By Michael Conlon
CHICAGO (Reuters) - Branding Fidel Castro a tyrant, White House national security chief Condoleezza Rice called on Monday for renewed international pressure against the Cuban leader.
Speaking just days after President Bush said he would begin tight enforcement of an existing ban on travel by U.S. citizens to the island nation, Rice said Castro’s crackdown on dissidents have brought him worldwide condemnation.
“This needs to be an international effort,” she told a meeting of the Inter American Press Association in Chicago. “It is unacceptable that Cuba remain in the state that it does in this hemisphere at a time when democracy and freedom and prosperity are within grasp ... it should not be that the Cuban people are forgotten.”
Cuba on Monday rejected the renewed pressure from Washington for reforms and said Bush was “dreaming” of a post-Castro transition.
A Cuban Foreign Ministry statement in Havana said steps announced by Bush to hasten political change on the island were aimed at securing the votes of the Cuban exile community in Florida, the pivotal state in his controversial 2000 election.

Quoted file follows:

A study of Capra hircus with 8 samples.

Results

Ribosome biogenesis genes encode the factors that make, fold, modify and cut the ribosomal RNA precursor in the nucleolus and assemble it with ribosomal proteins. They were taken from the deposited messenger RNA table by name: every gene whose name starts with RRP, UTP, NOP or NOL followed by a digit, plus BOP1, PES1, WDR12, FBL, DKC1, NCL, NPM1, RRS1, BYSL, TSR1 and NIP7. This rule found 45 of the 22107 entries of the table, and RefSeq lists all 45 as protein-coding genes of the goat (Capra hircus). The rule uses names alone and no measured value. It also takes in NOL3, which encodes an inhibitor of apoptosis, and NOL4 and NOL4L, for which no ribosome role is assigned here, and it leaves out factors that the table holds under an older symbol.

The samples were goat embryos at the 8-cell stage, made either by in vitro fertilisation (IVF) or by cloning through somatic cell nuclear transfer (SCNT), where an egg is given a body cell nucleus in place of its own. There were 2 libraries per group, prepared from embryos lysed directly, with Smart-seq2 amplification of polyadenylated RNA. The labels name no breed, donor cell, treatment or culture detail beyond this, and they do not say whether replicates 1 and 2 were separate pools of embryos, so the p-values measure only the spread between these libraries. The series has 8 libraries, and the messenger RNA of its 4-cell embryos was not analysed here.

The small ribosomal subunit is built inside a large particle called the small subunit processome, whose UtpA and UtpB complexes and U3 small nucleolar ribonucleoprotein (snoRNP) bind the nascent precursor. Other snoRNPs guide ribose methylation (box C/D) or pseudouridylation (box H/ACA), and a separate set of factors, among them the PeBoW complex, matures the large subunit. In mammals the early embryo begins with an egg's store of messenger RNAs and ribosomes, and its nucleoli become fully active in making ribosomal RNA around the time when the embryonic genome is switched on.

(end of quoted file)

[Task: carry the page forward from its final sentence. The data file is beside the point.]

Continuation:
Speaking by a video connection from her Washington office, Rice told the Chicago meeting she could not predict when a stepped-up enforcement of travel restrictions would begin but “I can tell you that there is a process to begin immediately enforcing these ... restrictions as quickly and fully as possible.”
“We know there are a lot of people who are using the travel opportunities to go to Cuba in ways that wind up enriching the Cuban government because the Cubans are able to take the money in hard currency to then pay the workers in pesos and to pocket the difference ... it is simply unacceptable,” she said.
“We do not want to enrich the tyrannical government of Fidel Castro. We do not want to allow him to use these monies to fund his tyranny, his crackdown on dissidents,” Rice said of the communist-run government.
In response to a question about the future of Venezuela, where President Hugo Chavez is resisting efforts to call a referendum on his rule, Rice said “We are very supportive of the efforts of the Organization of American States in trying to oversee a process that will get Venezuela to a constitutional electoral process that will resolve these issues.
“We do not see it as a bilateral issue ... but rather a regional issue and it should be treated as such,” she said.
At the same time, Rice said “We have our concerns about some of the activities of the Venezuelan government and we make those known to Venezuela on a regular basis.”